The role of calcium stores in fatigue of isolated single muscle fibres from the cane toad
- 1Intracellular calcium ([Ca2+]i) and tension were measured from single muscle fibres dissected from the cane toad (Bufo marinus). The amount of Ca2+ which could be released from the sarcoplasmic reticulum (SR) was estimated by brief (≈20 s) exposures to 4-chloro-m-cresol (4-CmC) or caffeine.
- 2Muscle fatigue was produced by repeated tetani at 4 s or shorter intervals and continued until tension had fallen to 50 % of the control. The intracellular free calcium concentration during a tetanus (tetanic [Ca2+]i) first increased and then steadily declined to 43 ± 2 % of control by the time tension had fallen to 50 %. Over the period of fatigue the rapidly releasable Ca2+ from the SR fell to 46 ± 6 % of control. Tension and tetanic [Ca2+]i recovered to 93 ± 3 % and 100 ± 4 % of the control values after 20 min of rest. Over the same period rapidly releasable SR Ca2+ recovered to 98 ± 12 %.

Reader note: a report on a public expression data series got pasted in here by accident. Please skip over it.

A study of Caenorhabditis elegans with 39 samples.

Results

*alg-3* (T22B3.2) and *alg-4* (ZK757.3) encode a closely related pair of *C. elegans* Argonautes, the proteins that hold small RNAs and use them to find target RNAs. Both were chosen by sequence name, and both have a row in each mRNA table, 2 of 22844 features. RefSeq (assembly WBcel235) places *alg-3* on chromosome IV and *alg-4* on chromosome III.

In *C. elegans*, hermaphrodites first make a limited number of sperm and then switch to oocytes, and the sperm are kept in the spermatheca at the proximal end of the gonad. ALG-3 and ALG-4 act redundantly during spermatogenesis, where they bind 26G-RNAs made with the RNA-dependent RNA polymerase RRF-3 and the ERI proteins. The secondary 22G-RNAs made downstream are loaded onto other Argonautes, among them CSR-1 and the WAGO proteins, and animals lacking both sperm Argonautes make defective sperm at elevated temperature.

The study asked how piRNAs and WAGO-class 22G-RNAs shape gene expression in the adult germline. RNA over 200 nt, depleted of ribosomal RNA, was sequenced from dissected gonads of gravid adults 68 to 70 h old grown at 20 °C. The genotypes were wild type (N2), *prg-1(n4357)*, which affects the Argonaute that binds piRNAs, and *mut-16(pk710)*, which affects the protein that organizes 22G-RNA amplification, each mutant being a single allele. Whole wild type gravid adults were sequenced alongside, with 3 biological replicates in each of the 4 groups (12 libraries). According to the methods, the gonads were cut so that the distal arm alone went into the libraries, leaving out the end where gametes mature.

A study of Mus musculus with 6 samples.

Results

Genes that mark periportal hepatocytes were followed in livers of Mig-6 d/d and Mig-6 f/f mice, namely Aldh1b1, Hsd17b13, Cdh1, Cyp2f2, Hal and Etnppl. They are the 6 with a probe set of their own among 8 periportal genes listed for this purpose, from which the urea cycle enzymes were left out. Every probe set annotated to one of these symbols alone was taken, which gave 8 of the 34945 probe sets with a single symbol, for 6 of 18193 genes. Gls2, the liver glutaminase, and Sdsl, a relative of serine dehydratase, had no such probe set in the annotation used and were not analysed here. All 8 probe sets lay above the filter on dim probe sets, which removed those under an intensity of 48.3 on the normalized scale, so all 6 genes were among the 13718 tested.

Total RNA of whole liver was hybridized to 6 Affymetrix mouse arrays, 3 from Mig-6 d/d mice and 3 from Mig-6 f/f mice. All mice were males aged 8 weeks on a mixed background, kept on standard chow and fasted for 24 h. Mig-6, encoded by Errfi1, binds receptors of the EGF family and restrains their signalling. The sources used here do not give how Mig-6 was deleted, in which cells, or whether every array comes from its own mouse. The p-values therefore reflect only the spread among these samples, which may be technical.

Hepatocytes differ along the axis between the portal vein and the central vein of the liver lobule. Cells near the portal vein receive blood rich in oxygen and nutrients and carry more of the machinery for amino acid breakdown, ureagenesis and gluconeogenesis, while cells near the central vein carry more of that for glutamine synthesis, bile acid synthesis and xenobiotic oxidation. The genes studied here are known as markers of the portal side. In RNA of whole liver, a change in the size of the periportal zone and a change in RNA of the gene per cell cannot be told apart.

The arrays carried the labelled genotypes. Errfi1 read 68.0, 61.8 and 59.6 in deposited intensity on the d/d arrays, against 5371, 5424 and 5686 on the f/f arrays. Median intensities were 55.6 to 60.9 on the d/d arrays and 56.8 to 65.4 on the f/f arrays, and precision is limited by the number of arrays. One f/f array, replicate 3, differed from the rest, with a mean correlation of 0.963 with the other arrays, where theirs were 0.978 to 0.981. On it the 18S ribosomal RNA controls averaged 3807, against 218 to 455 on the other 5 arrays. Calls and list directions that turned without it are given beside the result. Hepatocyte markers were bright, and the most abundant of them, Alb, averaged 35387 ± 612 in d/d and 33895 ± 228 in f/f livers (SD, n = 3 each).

- 3When a similar number of tetani (200) were repeated at longer intervals (10 s), fibres showed only a small reduction in tension (to 85 ± 1 %) and tetanic [Ca2+]i did not change significantly. Under these conditions the rapidly releasable SR Ca2+ did not change significantly.
- 4The recovery of rapidly releasable SR Ca2+ after fatigue was unaffected by removal of extracellular calcium but did not occur when oxidative phosphorylation was inhibited with cyanide.
- 5These results suggest that an important cause of the decline of tetanic [Ca2+]i during fatigue is an equivalent decline in the amount of rapidly releasable SR Ca2+. The results show that the decline of rapidly releasable SR Ca2+ is related to a metabolic consequence of fatigue and are consistent with the hypothesis that Ca2+ precipitates with phosphate in the SR during fatigue.